A Hot Spot for Alpine Boarding

By Courtney DiFiore

Like many that live in Southern Vermont, I too share a deep love for the outdoors. In the winter season, you can find me shredding the mountain on my snowboard most of the time, but I can ski as well. I don’t share the same love for it as riding but it is a nice change. Another on-hill sport I’ve been dying to try since I first learned about the sport is Alpine boarding.

Alpine boarding is similar to snowboarding in that you have both feet strapped to one board, but there are some major differences. The board is longer, stiffer, more narrow and designed only to be ridden in one direction. The boots used are hard shell boots, similar to a ski boot, but softer and significantly more comfortable. The bindings are more rigid than a freestyle binding and in conjunction with the hard boot, provide greater control over the edge of the board.

Because Alpine snowboarding is such a niche sport, finding equipment locally is near impossible. This is why getting the chance to participate in the East Coast Expression Session (ECES) was so exciting for me! ECES comes to Stratton every other year providing demos and clinics for Alpine boards.


ECES set up a tent in the main base area February 26-28 allowing anyone interested to demo and learn more about the sport. On Thursday, I took the plunge and demoed a Donek Alpine Board. Todd Brown, one of the many that make up our local contingent of passionate carvers at Stratton, helped me on my first run. He used the Gondola ride to the summit to prep me with some need to know info like: it’ll probably feel a little weird at first, getting up is the hardest part, it’s important to set your edge before leaning into the hill  and so on.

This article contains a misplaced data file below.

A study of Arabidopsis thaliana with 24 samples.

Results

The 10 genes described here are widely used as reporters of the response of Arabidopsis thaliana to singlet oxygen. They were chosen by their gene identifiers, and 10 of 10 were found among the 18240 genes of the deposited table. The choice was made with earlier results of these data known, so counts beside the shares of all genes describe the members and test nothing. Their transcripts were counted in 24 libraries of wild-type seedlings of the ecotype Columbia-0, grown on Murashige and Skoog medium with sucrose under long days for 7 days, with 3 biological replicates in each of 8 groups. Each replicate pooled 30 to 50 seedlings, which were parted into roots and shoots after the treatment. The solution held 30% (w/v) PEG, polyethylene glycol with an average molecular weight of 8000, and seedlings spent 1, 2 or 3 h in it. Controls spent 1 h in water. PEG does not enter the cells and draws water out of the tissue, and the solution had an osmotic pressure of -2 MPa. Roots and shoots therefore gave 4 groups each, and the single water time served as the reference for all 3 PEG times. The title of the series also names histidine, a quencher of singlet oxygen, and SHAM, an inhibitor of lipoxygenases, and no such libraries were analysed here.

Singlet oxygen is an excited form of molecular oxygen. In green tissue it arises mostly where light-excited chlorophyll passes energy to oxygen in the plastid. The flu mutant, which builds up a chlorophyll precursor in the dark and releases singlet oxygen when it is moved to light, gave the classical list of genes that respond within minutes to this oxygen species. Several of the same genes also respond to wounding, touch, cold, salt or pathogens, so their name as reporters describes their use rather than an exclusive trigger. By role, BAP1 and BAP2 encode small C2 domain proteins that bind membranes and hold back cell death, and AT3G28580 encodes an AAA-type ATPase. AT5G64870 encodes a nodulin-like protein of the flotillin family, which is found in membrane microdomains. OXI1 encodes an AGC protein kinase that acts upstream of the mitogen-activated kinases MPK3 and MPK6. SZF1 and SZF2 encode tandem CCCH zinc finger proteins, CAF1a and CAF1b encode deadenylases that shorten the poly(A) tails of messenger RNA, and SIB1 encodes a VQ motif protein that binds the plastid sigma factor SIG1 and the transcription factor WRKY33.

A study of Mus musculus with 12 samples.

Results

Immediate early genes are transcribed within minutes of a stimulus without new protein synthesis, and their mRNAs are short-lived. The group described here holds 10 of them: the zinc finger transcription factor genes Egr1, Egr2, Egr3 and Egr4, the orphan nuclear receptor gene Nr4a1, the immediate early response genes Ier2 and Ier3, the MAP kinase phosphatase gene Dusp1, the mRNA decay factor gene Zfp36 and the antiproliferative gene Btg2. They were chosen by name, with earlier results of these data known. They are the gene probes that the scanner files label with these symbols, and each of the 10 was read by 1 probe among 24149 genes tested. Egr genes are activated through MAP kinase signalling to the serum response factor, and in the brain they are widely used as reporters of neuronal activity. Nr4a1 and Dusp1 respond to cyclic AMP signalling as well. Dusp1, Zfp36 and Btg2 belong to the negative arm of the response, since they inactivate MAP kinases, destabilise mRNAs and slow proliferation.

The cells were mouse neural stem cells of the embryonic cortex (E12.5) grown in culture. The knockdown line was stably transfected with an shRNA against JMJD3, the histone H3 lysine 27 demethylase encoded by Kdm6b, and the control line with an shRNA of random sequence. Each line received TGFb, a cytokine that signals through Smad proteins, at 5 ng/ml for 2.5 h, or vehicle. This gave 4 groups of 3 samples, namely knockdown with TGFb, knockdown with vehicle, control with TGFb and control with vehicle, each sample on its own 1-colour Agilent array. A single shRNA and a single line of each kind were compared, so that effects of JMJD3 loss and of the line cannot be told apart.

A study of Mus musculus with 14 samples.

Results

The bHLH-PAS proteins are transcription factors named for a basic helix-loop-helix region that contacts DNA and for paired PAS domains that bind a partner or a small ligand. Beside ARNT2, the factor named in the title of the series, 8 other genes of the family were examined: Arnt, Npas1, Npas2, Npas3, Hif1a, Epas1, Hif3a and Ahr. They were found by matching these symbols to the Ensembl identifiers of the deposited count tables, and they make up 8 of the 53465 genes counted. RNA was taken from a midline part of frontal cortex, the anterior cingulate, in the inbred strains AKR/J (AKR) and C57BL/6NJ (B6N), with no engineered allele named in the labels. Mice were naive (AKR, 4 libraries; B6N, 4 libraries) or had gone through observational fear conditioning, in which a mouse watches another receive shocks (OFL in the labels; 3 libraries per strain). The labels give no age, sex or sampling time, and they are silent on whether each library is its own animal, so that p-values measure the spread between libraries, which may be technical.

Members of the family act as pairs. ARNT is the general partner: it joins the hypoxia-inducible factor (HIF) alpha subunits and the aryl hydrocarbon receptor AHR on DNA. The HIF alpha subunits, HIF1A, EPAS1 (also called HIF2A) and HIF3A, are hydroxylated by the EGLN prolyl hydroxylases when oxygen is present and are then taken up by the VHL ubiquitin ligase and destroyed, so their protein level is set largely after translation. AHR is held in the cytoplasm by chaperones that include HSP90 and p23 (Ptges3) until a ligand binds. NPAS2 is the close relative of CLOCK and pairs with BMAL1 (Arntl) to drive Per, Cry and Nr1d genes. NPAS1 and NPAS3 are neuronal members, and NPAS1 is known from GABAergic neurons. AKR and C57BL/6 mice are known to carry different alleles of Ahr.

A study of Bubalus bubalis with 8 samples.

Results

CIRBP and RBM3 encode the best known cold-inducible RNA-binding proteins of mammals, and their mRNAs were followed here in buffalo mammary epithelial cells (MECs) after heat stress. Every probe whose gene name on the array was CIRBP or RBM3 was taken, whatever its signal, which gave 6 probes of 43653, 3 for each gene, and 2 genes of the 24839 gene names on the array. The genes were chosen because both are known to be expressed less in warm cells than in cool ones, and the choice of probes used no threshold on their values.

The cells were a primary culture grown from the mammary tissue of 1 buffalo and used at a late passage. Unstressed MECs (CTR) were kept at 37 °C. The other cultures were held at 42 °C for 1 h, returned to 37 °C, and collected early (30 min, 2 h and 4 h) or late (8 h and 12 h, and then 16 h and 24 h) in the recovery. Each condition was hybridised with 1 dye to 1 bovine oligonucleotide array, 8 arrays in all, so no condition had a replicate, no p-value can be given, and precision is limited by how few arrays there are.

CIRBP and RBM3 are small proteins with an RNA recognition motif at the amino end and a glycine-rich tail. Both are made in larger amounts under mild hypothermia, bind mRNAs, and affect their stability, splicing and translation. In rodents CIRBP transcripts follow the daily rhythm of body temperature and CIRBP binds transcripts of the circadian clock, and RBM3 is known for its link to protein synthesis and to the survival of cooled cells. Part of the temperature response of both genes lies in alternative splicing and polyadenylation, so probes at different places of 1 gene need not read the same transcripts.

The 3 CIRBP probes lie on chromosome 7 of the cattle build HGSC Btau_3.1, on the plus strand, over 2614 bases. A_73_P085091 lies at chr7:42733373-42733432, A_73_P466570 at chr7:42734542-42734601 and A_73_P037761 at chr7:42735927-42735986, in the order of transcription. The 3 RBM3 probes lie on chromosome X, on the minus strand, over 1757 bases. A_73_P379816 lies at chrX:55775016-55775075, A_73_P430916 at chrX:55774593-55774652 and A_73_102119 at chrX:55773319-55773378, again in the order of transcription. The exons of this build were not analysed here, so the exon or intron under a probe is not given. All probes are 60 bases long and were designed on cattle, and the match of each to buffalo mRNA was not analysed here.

The bindings for Alpine boards are comparable to step in bindings for a snowboard; it’s really quick. Once I was clipped into the board and ready to ride, Brown set sail for Janeway Jct. and the Meadows. Talking me through it, Brown and I cruised back to the main base focusing on locking in my edge before I tried leaning into the turn.

I was surprised at how easy it was. I’m no professional, but I’d definitely say the learning curve is a small one if you’re already an experienced snowboarder. Though I was ready to start taking turns on my own to practice, I decided instead to join the woman’s clinic ECES was holding. What a great group of ladies! They were so motivating, encouraging and educational.

If you’re looking for more information on the sport or equipment, see www.bomberonline.com. Bomber Industries is the largest US supporter of Alpine Snowboarding and is a one stop shop for equipment and information including a very active online forum.